There may not be a better word than “resilient” to describe the investment environment in the first quarter of 2011. Despite continued economic trouble across Europe, revolts and regime changes throughout North Africa and the Middle East, a devastating earthquake, tsunamis and subsequent nuclear disaster in Japan, oil prices remained elevated, and near $4 per gallon gas prices on average, investors in the U.S. financial markets experienced one of the best first quarters in many years.
Predicting the exact outcome of all of these events is, of course, impossible. However, our expectation is that none of these risks will derail the continued gradual improvement to a global economic recovery.
Despite these events during the first quarter of 2011, the resilient global economy plowed ahead, along with rising assets prices and major indices from around the world:
- Dow Jones Industrial Average +6.41 percent.
- Standard & Poor’s 500 +5.42 percent.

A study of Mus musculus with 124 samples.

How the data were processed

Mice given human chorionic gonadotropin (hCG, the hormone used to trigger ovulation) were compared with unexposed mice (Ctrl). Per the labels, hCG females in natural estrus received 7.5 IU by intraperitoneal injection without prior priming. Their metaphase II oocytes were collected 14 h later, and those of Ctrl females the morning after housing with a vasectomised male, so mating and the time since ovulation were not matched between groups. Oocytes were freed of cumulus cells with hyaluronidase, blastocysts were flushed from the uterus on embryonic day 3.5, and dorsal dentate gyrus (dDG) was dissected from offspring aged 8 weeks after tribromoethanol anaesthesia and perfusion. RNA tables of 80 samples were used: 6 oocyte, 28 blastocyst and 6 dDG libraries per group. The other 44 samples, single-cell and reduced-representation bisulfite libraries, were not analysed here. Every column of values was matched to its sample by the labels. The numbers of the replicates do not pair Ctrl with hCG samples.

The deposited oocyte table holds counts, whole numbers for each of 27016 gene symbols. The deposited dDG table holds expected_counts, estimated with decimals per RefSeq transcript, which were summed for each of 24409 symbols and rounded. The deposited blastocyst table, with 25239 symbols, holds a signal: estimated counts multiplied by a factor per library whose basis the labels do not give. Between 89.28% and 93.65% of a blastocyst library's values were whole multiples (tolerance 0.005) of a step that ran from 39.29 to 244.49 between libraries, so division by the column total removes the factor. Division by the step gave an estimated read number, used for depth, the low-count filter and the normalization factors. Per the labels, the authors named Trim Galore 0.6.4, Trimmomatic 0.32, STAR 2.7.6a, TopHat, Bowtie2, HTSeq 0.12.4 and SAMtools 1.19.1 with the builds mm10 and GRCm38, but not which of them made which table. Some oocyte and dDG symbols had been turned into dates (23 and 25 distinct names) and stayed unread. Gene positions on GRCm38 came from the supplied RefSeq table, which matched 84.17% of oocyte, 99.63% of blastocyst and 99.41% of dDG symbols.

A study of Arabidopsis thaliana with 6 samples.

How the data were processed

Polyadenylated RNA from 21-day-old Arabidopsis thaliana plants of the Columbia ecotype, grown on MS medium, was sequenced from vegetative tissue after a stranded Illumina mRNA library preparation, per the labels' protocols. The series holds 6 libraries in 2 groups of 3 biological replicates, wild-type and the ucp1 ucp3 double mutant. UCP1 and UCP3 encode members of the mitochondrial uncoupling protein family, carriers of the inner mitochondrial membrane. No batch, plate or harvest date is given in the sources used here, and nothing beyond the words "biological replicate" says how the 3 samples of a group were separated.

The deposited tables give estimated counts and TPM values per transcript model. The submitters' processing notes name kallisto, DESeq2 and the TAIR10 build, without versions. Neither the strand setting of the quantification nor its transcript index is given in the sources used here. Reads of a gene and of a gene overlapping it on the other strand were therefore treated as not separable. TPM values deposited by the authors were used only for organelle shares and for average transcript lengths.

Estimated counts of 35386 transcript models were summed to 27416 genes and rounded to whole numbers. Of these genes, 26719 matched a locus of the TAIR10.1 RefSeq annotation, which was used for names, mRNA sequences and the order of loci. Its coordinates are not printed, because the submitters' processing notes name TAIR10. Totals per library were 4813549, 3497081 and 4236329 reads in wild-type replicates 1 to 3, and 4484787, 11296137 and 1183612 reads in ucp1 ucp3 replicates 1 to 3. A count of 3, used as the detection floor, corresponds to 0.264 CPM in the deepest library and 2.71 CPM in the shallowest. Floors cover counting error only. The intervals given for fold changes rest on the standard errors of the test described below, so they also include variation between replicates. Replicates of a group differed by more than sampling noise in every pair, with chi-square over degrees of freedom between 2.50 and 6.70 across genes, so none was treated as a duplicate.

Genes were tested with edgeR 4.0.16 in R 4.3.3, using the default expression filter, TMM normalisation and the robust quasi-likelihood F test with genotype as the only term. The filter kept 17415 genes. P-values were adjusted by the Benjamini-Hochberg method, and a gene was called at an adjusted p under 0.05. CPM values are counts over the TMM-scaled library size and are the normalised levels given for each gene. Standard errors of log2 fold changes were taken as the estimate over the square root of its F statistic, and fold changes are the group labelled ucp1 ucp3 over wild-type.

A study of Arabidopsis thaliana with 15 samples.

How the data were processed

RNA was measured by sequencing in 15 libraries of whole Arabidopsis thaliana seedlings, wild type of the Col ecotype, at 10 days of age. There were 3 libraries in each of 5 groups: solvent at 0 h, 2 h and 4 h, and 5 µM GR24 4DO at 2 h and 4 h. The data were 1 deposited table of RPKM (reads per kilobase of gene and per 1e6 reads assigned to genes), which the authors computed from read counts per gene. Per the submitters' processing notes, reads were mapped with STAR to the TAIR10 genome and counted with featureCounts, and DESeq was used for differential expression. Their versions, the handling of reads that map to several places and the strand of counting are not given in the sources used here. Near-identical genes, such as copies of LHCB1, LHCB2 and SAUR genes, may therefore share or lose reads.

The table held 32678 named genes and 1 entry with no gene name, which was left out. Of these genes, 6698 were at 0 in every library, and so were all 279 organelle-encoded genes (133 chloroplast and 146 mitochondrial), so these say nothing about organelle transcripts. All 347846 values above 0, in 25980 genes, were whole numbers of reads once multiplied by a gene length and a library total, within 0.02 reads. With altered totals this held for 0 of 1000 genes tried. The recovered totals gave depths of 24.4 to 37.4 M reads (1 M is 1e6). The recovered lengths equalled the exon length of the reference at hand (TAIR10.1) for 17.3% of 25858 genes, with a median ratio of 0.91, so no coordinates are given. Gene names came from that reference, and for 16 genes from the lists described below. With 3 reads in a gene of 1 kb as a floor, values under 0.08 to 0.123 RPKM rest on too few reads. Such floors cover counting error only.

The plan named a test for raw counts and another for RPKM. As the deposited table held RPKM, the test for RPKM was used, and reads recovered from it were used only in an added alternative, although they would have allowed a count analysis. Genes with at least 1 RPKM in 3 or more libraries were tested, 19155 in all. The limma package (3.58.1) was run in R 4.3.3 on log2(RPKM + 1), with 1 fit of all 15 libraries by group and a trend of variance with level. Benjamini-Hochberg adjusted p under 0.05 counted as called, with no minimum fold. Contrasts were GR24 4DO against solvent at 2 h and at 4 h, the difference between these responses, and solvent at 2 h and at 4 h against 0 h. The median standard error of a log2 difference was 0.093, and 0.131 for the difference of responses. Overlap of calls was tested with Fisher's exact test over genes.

- NASDAQ + 4.83 percent.
- MSCI EAFE +2.67 percent.
- DJ US Credit Suisse Equity Market Neutral +3.46 percent
- Barclays Aggregate Bond +0.42 percent.
- Barclays Municipal Bond +0.51 percent.
To us, the gravity-defying, strong returns felt suspiciously surreal. We do not know how long the resiliency in the financial markets will last. We do know, however, that this type of “risk on” and “risk off” short-term investing style reinforces our long-standing belief that market volatility will continue to come and go. Risk, in common investment terms, is defined as the permanent loss of capital. In today’s market, maintaining the appropriate asset allocation and sticking to a long-term investment plan greatly can minimize your exposure to risk.